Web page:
Whether you have planned for the inevitable or not, the reality of dealing with all the details associated with a loved one’s death is often more than we expect. Having an ally who understands the legal, practical and emotional aspects of this unique situation, can make a huge difference.
Every situation is different, however; the four scenarios below illustrate what can happen and how I can help.
Mary and John
Mary and John were married for fifty years, when John passed away. Although Mary and John created an estate plan together, John had taken care of most of the finances during their marriage and Mary didn’t know how to access all of their accounts or locate important estate information. Mary was working with an attorney who specialized in trust administration, but the process was still confusing and frustrating for her. Some days her grief and loneliness were all she could deal with and she worried about deadlines and paperwork falling through the cracks. Eventually, she had to deal with all of John’s personal items too; deciding what to keep, what to give to family and what to donate was overwhelming. On top of all this, Mary had to consider that it might be time for her to move to a retirement or assisted living facility. Their children wanted to help but didn’t live nearby and had children and jobs that they couldn’t leave. Having an ally to guide Mary through the process helped her concentrate on the overall picture and not sweat the small stuff quite as much.
Susan lived in Boston. Her mother had died several years before, and her father, who lived in California, had recently passed away. Susan was the oldest of three siblings and she was named the trustee of her father’s estate. Her father’s estate was relatively small but she found the tasks associated with the estate administration to be time consuming and emotionally exhausting on top of her own demanding life. Neither of her siblings had lived near their father, nor were they able to provide a lot of help. Susan needed hands on help. She needed someone to deliver important paperwork to the attorney and accountant; she needed someone to set up an appraisal of her father’s house and to be at the house when the time came. She needed an ally to coordinate with the moving and storage company and someone to oversee the estate sale and donation of items.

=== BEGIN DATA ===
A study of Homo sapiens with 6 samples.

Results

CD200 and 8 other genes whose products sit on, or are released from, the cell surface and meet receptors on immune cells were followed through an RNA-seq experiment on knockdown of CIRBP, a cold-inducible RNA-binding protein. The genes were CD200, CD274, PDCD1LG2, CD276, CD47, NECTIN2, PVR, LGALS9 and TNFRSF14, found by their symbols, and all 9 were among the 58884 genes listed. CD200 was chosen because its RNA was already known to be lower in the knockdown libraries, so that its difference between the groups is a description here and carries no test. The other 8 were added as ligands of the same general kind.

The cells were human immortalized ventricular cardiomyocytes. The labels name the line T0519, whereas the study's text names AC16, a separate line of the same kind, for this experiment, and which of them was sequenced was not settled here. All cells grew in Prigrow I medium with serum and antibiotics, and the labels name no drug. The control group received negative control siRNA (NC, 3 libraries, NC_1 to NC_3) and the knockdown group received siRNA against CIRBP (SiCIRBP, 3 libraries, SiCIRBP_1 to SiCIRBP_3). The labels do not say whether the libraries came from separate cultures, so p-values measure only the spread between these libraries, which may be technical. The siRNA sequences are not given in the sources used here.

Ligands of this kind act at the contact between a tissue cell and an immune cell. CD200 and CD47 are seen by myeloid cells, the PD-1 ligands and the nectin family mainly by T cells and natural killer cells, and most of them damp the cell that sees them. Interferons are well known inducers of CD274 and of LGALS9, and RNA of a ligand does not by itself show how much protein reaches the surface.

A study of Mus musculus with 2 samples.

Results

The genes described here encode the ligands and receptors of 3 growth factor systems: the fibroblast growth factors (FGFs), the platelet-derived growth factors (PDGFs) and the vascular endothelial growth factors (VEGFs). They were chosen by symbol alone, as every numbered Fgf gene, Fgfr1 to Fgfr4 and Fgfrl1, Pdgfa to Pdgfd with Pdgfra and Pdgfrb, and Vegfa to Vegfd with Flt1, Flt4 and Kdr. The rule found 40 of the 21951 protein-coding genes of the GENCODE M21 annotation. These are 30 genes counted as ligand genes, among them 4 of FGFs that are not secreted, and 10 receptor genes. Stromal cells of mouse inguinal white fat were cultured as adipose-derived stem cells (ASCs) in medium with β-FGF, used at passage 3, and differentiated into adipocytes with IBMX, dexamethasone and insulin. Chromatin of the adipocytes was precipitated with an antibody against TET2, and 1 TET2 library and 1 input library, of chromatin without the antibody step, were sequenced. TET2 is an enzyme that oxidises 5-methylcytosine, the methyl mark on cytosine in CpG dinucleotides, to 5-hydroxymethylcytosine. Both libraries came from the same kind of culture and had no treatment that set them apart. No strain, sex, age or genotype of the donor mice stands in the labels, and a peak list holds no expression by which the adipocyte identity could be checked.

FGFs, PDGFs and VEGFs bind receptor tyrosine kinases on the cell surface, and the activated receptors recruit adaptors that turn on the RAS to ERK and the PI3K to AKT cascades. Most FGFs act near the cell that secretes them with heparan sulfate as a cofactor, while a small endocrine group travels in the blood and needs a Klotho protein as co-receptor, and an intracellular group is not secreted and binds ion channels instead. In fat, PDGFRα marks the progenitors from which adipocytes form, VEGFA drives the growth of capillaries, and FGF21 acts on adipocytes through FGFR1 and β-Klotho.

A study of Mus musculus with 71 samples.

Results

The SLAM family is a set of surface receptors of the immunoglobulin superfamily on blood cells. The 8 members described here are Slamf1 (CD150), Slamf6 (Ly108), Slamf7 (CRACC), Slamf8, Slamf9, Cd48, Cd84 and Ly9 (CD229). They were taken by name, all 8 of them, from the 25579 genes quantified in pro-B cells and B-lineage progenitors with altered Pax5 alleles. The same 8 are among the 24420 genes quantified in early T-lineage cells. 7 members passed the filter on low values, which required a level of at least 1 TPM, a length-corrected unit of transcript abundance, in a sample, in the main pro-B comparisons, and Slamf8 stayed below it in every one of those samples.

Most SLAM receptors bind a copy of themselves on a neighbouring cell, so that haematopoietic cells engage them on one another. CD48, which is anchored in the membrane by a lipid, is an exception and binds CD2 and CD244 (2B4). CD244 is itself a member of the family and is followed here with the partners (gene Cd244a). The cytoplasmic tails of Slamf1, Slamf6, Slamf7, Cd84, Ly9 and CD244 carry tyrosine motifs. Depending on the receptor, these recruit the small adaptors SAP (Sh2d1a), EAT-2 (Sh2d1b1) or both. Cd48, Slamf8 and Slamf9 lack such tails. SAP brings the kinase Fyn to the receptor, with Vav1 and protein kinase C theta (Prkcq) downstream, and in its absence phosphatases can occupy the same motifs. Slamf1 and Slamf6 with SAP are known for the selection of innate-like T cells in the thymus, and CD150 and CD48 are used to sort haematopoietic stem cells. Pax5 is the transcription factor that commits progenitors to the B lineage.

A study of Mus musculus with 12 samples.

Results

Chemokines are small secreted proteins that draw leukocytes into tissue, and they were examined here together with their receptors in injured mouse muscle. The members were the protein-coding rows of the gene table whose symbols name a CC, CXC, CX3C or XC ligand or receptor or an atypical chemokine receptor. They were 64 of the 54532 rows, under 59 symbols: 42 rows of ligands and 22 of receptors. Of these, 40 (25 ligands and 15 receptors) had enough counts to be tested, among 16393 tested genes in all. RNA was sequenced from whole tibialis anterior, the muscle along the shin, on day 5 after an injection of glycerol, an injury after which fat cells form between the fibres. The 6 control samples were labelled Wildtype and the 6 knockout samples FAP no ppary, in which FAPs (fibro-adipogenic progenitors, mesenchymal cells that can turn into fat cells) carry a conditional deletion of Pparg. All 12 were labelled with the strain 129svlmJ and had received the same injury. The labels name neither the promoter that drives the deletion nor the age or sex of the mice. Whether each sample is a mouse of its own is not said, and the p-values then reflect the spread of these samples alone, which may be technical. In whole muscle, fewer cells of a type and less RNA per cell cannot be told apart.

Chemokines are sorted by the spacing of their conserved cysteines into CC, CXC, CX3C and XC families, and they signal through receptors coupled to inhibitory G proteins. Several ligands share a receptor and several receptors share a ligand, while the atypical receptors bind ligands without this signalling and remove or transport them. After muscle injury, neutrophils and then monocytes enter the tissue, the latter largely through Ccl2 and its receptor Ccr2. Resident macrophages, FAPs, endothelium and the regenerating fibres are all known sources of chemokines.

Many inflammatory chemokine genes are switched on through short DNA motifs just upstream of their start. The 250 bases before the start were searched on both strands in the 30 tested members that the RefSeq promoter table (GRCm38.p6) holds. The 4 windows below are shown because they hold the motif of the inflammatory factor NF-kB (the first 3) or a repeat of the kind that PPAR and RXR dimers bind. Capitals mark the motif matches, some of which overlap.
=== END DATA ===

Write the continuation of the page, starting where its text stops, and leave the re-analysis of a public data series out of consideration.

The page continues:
Brandon and Chris
Brandon and Chris were a young married couple with two small children and no estate plan. Chris died unexpectedly and Brandon was completely blindsided with grief. Chris had his own business and a lot of assets and complicated family relationships. Brandon was, of course, unprepared to deal with all of this and really needed to focus as much as possible on their two children. Brandon needed an ally in many areas; from prioritizing and delegating tasks, planning the funeral, notifying business associates and communicating with Chris’ family to organizing child care and meals, and connecting him with a grief counselor.
Ellen is a single woman with two adult children. She knows that she should have an estate plan but she keeps putting it off because it seems daunting to her. She has a modest estate, including a home, IRA, savings account and life insurance policy. Some of her asset information is in her filing cabinet, some on her computer, some in safe deposit box and some in her head! She has nothing in writing about her end of life wishes, such as who should make health care decisions for her, what kind of intervention she wants or whether she wants to be cremated or buried. Ellen has a Durable Power of Attorney that was executed many years ago, with her now ex-husband, named as her agent. She doesn’t want to leave a mess for her children if she becomes incapacitated or when she dies, but she doesn’t know where to start. Ellen should consult an experienced estate planning attorney to draft her documents, but getting your affairs in order doesn’t stop there. Ellen could benefit from the extra support of an estate organizer to complete this sometimes overwhelming process. An estate organizer can be her ally in locating the information she will need to bring to her attorney, including account numbers, beneficiary names, successor trustees and health care agents. Once her documents are finalized an ally can help ensure that everything related to Ellen’s estate is organized in one place (whether on her computer or in a binder). This way her loved ones know where to find everything associated with her estate so they have a road map to follow in a time of crisis should they need it.